232 East 53rd Street (map); 212-207-3339; socialeatz.com
Cooking Method: Griddled
Short Order: Some of the most successful fusion burgers we've had.
Want Fries With That? If you're desperate. Blond and greasy, with a broken cheese sauce for dipping
Price: Burgers, $9 to $12; fries, $4.50
Even once you get past the silly name, there's a lot of things wrong with Social Eatz, Top Chef finalist Angelo Sosa's new midtown snack bar. The interior feels like an East Village bar designed by Chuck E. Cheese. They claim that they want to build an electronic community for foodies who want to interact with them, yet their website lists three email addresses, none of which actually work. Their planned-by-committee menu reads about as soulful as the Cheesecake Factory, and most of the food is just a few steps above your average shopping mall food court.
So what saves Social Eatz from total failure? The burgers, that'z what.
Asian fusion burgers are generally a bad idea—the notion gets in the way of the execution, and what you end up with is something that's more of concept than a real burger (the same could be said for Social Eatz as a whole). But Sosa surprised us with the intelligently conceived, and more importantly, well-executed burgers on the menu here.
The Social Burger ($9, $10 with cheese) is their classic cheeseburger, and it's pretty awesome. A griddled patty of loosely ground, insanely juicy beef (it's a whopping 30 percent fat!) with plenty of salt and pepper on a toasted potato roll with shredded lettuce and onions, and their house "longevity" sauce—essentially an In-N-Out-style Thousand Island spread. It's a perfectly proportioned burger. Crisp, cool lettuce, gooey cheese, rich sauce, huge beef flavor, and a sweet, toasted potato roll, this is definitely a strong contender for best midrange burger in the city. Perfectly seared, perfectly juicy.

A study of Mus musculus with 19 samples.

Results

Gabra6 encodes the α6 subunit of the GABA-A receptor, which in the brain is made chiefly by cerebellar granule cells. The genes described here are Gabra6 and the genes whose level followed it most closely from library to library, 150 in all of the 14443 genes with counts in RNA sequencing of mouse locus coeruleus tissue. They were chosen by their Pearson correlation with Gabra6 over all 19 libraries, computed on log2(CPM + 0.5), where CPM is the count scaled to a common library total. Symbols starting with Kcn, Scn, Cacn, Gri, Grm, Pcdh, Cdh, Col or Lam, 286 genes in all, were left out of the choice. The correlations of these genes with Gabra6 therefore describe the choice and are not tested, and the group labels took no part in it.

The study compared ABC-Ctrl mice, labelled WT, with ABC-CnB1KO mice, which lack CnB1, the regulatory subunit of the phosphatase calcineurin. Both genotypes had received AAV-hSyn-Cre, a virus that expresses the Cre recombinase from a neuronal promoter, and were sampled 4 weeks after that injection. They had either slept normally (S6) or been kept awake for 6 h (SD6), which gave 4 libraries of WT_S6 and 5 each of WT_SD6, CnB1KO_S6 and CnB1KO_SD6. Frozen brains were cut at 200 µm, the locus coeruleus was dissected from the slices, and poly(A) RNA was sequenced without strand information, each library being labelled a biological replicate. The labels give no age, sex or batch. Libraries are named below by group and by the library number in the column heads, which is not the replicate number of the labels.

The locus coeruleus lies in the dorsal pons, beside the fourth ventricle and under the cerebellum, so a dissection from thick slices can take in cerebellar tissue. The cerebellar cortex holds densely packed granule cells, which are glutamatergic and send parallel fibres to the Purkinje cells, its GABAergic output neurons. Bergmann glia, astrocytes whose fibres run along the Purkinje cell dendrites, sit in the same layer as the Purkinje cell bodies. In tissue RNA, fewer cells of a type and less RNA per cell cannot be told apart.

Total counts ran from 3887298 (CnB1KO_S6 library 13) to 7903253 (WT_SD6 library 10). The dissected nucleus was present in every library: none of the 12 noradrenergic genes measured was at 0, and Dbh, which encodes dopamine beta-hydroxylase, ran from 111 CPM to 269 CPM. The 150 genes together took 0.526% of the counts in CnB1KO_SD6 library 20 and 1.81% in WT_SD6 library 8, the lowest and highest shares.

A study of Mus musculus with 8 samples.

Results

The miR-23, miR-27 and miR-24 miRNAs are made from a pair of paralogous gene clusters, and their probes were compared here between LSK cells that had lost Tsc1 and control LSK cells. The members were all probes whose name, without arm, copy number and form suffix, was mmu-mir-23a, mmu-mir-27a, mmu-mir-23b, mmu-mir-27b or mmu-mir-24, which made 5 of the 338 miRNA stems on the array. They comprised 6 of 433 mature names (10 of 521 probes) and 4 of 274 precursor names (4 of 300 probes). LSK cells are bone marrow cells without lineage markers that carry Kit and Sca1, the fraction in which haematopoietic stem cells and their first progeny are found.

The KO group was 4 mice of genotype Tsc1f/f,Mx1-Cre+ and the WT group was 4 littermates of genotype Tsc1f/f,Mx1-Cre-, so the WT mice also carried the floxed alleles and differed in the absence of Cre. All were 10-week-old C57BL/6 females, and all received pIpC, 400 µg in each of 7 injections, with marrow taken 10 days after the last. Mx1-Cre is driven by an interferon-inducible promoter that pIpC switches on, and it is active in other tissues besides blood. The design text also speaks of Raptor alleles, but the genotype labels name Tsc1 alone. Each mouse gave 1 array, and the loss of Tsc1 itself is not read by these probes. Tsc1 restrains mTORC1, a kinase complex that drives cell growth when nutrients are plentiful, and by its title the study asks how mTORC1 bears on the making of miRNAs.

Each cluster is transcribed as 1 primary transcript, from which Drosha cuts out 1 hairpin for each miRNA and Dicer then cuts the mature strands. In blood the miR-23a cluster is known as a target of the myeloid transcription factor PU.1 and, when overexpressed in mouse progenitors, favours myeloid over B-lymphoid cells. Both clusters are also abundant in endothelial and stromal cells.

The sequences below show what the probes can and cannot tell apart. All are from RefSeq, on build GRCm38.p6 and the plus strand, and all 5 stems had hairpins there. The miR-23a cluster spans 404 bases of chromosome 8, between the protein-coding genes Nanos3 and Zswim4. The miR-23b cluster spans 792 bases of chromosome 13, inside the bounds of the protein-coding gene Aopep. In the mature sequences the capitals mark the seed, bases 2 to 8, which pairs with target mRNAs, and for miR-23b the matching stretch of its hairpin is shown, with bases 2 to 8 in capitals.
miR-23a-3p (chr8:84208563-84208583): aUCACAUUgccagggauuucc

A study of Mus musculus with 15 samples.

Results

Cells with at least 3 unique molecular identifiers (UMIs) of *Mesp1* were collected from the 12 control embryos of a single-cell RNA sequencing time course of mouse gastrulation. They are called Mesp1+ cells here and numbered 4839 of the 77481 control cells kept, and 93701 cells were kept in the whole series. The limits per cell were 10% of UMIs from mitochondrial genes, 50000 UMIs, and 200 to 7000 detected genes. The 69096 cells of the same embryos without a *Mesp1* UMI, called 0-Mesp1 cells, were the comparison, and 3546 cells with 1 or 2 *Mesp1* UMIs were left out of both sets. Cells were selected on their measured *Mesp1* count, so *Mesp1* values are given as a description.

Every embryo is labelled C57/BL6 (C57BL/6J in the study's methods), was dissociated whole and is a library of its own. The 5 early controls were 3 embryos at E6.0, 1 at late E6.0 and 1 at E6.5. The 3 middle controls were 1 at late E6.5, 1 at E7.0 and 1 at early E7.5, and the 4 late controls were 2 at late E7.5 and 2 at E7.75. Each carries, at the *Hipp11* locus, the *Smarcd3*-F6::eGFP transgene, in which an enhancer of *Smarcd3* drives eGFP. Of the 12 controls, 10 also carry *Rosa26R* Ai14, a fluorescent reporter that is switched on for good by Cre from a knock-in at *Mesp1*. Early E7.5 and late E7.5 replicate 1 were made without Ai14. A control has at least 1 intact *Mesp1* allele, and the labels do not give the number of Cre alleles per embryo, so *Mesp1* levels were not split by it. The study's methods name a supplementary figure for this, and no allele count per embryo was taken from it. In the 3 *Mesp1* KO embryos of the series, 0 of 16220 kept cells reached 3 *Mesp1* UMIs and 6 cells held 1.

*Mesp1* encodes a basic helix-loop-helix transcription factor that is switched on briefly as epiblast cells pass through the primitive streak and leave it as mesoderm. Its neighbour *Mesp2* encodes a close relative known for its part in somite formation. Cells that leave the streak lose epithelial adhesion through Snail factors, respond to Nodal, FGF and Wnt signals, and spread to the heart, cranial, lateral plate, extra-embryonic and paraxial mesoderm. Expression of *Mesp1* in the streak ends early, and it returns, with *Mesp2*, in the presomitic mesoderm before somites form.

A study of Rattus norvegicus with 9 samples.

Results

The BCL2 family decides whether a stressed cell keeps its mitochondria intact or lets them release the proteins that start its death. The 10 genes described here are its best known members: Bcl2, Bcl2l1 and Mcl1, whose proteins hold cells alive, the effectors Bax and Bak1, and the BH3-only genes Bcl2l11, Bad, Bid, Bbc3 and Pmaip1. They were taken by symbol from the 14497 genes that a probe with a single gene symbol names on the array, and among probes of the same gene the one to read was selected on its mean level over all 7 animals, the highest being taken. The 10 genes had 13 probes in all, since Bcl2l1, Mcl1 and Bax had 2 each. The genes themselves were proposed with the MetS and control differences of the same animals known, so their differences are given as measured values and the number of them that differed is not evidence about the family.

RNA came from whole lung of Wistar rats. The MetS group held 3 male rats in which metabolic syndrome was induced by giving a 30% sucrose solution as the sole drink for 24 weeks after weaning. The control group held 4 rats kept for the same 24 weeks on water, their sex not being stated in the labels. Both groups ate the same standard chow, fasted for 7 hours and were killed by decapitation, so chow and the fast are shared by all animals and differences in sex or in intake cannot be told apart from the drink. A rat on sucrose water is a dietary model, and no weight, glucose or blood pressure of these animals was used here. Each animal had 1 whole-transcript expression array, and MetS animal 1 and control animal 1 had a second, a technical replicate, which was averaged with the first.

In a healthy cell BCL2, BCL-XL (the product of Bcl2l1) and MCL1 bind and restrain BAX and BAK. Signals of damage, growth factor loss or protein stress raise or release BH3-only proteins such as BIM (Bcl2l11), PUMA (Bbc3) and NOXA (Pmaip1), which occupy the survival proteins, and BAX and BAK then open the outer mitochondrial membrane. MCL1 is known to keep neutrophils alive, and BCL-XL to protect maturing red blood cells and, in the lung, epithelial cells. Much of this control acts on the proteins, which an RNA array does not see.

Their signature burger, the Bibimbap Burger, ($12) was the weaker of the two fusion burgers we tried. It's the same beef patty coated with a sweet and savory sauce on the griddle that gets seared into its surface, topped with a sesame oil-scented slaw of zucchini and carrot, a slow-cooked egg, and a big squirt of creamy mayo-based sauce. There's a lot going on here, and most of it works, though we would have preferred if our slow-cooked egg were actually runny instead of pretty much hard boiled.
The best of the lot was the Hanoi Burger ($10, pictured at top), a flavor powerhouse that hits all the right notes. A big spoonful of sweet, oniony relish tops it along with a chili-laced mayo, but underneath is where the real action lies: A cool, complex salad of cucumber, onions, and mint that threatens to overwhelm on the menu, but works remarkably well when you taste it. This is the one I'd come back for.
As for the fries and sides, they're entirely skippable. Each burger comes with a small dish of house-made pickled vegetables—mostly radishes and carrots—that don't taste all that pickled. Fries are an extra $4.50, and are fine, but not worth the price, with an odd sake-and-cheddar concoction that barely qualifies as a cheese sauce: broken and grainy.
As for the rest of the menu, there were a few highlights here and there (full review coming tonight), but honestly, spend your money on the burgers instead.